2015 IR&D Annual Report

LTE System Security Research, 10-R8505

Principal Investigator
Brian Anderson

Inclusive Dates: 10/20/14 – Current

Background — Cyber physical systems, which are expected to drive our future economy and to be critical to our national security, will need secure and reliable wireless communications. Cellular communications systems have very broad coverage and fourth-generation (4G) long-term evolution (LTE) cellular technology has excellent bandwidth and low latency. Localized or personal cellular access points that may be deployed inside a home, office building, or crowded event venue are expected to be very popular in the future as cellular operators work to extend coverage, allowing more users to take advantage of cellular services in a congested or closed space. Cellular connectivity may replace or co-exist with Wi-Fi access.

However, small cheap base stations probably won't be painstakingly designed with security in mind and they will likely be affordable to hobbyists and "hackers." A hacked base station could be used to intercept communications, track users, or prevent users from connecting to the desired operator network. System designers want to know whether the LTE user equipment they may be embedding in their systems could be vulnerable, so this research investigated one aspect of LTE system security, the "rogue" base station.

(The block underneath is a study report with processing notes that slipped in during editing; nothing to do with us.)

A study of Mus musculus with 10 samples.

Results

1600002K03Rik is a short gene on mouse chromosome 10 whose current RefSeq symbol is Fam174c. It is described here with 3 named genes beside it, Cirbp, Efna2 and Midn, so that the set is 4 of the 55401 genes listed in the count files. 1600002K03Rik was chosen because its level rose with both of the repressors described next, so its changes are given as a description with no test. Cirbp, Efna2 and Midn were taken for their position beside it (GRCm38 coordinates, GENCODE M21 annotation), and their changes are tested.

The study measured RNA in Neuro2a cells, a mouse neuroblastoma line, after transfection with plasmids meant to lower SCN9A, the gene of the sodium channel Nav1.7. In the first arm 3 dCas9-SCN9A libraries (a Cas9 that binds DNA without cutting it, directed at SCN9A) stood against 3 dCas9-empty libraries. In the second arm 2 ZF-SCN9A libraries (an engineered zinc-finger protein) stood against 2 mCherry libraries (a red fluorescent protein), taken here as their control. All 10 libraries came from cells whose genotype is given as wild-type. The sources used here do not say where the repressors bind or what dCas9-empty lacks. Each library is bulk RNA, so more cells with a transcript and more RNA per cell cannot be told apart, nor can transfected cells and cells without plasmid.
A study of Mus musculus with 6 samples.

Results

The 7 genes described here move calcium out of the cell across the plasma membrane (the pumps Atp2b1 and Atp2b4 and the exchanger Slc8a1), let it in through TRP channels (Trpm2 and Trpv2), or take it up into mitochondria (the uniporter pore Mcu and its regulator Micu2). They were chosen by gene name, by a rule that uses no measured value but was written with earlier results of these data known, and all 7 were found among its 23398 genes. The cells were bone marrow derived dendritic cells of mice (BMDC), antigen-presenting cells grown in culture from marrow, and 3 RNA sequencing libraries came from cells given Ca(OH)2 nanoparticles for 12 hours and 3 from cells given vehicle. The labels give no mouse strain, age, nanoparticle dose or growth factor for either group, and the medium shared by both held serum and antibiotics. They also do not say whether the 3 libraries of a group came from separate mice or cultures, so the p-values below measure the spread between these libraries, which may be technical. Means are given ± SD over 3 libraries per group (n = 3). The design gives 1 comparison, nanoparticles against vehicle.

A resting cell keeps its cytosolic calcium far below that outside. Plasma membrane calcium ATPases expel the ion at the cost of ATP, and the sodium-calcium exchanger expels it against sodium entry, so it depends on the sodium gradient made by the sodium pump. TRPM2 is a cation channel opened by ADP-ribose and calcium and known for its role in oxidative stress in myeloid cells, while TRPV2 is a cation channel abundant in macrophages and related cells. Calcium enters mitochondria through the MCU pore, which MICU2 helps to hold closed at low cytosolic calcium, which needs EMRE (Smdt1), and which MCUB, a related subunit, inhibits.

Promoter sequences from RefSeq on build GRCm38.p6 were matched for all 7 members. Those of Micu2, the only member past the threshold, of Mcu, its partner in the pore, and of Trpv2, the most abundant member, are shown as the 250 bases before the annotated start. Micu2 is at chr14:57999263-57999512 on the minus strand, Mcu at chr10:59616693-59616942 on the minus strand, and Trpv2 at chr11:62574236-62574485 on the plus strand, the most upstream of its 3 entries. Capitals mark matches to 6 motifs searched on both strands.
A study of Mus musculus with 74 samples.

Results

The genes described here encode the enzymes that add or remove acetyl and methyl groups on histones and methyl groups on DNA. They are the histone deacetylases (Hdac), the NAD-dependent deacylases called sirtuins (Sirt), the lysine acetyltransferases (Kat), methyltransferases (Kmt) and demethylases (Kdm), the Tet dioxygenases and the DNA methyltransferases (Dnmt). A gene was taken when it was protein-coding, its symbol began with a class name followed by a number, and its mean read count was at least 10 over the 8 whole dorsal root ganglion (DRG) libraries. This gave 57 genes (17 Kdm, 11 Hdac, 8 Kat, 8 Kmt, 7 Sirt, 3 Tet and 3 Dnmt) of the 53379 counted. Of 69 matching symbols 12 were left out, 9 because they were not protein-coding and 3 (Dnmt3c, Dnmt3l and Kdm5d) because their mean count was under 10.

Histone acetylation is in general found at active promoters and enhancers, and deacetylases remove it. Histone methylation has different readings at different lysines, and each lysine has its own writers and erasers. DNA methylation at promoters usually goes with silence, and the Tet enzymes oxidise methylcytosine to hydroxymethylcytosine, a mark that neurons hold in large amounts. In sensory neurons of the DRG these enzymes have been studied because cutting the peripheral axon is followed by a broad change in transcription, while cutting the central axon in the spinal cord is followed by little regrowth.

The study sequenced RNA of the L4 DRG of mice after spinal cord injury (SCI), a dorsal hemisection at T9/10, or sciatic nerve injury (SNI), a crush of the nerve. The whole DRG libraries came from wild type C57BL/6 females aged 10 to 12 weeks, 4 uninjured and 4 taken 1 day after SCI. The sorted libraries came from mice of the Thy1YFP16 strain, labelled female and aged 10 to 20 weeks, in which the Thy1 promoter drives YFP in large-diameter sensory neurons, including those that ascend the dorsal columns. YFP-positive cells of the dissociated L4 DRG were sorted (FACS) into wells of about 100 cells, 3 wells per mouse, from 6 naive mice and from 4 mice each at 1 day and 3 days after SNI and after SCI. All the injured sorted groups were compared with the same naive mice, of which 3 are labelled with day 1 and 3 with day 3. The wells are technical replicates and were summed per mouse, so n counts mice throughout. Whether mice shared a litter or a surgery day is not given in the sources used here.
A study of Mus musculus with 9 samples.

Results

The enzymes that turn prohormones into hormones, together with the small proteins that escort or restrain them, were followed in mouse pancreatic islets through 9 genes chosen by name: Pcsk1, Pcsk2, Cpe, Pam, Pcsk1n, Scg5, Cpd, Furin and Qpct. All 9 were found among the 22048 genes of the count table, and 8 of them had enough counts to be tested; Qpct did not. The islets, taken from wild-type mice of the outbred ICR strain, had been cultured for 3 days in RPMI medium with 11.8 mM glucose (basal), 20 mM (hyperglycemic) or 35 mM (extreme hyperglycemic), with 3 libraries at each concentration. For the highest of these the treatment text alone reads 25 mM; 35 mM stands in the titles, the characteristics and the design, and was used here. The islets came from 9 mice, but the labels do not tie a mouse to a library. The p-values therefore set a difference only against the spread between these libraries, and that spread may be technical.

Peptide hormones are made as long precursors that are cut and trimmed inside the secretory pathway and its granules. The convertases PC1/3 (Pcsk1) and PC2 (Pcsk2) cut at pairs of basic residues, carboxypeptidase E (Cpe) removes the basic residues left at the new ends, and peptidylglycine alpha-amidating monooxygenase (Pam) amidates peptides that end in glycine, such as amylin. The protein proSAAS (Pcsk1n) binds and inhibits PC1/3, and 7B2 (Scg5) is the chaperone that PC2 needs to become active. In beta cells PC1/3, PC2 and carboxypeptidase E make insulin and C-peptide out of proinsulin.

Approach — This research project developed and tested a methodology for identifying suspicious or rogue LTE base stations. A couple of commercially available systems for detecting a rogue base station were announced after this research project was initiated, but these were only effective against 3G systems and not LTE systems. This project was broken into two phases: 1) a study phase to investigate LTE signal and protocol parameters for detecting a suspicious system and 2) a development and test phase to demonstrate parameter usage in algorithms designed to identify a suspicious base station.

Accomplishments — A number of LTE signal and protocol parameters were identified and incorporated into algorithms that could be used to identify a suspicious LTE base station. Laboratory-scale cellular systems were created that exhibited some of the suspicious parameters. Algorithms were developed and tested to ensure they could differentiate suspicious base stations from normal cellular base stations, and a cell phone application that incorporated some of the algorithms was developed and demonstrated.